Posted: May 23, 2012 3:30 p.m.
Ataullah Khan is one of the lead researchers in the Faculty of Engineering and Applied Science catalyst research group. Photo: U of R Photography
For Saskatchewan, at least for now, fossil fuel-generated power is the only viable option, which means that carbon capture is an essential technology for this province. As a result, researchers at the University of Regina and the International Test Centre for CO2 Capture (ITC) are focused on making carbon capture work.
But, that’s not their only focus. In fact, these researchers are taking a uniquely long view to the problem of clean energy and greenhouse gas emissions reduction. In addition to their comprehensive post-combustion capture program, they also have R&D programs in biofuels and other alternative energy options.
Of particular note is the work of professors Raphael Idem and Hussameldin Ibrahim and senior researcher Ataullah Khan on catalyst-based hydrogen. This team has designed an extremely promising novel catalyst that allows hydrogen production to be both feed flexible and process flexible. In other words, a single catalyst can be used to switch between feedstocks without disrupting plant operations. Even better, the catalyst can convert even unprocessed feedstocks, like raw ethanol and low-grade natural gas, into hydrogen. This means that many waste products, such as glycerol, fusel oils, and biogas, can become value-added fuel feedstocks. The process also incorporates capture, recycling, and storage of CO2, making it CO2 neutral when used with fossil fuels and a CO2 sink when used with biofuels.
In an interesting twist, the researchers’ most recent catalyst research suggests that they might just have found the magic bullet to make post-combustion capture not just economically viable, but perhaps even value added.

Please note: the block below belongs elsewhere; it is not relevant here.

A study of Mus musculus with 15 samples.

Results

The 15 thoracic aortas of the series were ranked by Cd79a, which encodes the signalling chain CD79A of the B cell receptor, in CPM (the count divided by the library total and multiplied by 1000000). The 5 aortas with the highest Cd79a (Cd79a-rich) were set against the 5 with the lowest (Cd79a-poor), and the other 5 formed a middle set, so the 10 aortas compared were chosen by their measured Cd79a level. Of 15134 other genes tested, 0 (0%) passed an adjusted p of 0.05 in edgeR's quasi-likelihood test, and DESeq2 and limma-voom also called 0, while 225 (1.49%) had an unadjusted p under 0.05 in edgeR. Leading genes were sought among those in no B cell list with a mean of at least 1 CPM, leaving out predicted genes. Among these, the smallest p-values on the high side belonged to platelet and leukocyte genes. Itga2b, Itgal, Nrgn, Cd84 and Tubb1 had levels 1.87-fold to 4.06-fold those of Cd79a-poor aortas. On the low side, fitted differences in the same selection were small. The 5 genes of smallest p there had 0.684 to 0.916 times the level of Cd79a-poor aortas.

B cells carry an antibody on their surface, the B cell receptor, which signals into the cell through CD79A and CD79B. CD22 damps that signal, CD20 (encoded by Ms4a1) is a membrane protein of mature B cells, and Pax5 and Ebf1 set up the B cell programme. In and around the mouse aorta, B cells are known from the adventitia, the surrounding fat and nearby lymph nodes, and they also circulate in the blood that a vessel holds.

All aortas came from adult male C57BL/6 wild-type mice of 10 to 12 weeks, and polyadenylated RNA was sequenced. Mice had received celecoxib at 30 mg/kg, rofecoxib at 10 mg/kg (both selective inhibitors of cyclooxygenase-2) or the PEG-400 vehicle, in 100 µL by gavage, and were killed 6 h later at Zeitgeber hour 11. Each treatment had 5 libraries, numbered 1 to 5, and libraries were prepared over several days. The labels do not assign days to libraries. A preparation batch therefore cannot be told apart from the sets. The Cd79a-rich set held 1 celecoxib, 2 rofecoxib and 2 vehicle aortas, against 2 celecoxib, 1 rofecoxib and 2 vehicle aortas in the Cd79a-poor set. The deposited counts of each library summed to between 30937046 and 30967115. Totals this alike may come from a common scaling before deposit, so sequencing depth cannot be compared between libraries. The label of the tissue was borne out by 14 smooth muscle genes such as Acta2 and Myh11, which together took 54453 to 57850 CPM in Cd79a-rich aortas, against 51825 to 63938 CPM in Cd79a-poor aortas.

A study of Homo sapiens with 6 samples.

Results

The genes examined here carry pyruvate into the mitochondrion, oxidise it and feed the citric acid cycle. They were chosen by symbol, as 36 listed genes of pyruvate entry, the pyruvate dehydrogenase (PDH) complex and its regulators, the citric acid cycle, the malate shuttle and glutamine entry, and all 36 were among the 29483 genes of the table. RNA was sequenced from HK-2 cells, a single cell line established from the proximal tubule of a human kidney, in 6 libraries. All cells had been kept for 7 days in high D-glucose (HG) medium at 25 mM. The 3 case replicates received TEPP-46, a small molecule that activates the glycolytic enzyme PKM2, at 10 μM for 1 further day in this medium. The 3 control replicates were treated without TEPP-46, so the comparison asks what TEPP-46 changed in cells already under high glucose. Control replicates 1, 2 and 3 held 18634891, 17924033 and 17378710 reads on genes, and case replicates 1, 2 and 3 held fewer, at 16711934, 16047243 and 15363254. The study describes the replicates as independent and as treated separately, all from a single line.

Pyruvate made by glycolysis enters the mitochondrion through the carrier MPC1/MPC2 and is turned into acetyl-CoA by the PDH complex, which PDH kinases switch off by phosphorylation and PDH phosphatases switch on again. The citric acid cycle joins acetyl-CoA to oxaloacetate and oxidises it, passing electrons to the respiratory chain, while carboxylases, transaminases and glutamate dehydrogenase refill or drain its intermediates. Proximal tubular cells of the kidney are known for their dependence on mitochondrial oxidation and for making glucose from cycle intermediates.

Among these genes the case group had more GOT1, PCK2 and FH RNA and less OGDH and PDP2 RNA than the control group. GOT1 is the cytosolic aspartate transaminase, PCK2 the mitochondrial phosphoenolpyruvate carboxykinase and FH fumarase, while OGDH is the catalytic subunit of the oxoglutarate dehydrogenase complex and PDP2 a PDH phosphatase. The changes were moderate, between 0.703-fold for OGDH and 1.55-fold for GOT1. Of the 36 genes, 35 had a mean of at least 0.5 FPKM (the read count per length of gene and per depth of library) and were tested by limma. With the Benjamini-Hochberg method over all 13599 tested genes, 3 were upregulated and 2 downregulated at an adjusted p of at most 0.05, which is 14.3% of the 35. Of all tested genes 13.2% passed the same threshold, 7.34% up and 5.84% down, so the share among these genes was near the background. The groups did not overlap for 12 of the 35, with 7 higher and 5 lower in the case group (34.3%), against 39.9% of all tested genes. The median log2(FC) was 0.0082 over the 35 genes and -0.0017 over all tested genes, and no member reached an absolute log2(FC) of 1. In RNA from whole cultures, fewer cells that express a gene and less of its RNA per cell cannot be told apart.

The group has very recently developed an entirely new catalyst-aided process that dramatically increases the efficiency of the post-combustion capture process. The new catalyst enables the capture process to operate using hot water instead of steam, which virtually eliminates the energy penalty associated with post-combustion capture.
“With this technology,” explains Idem, “we can make a business case for carbon capture based on added value rather than regulatory requirements.” In other words, carbon capture plants can be operated without substantially affecting the efficiency of the original process, and the captured CO2 can be sold for use in enhanced oil recovery (EOR) operations, making this an ideal means of obtaining CO2 for EOR.
This technology has been described by many in the CCS industry as a game-changing breakthrough, and it represents the most recent innovation in CCS to come out of Saskatchewan, which has been a long-established pioneer in CCS development.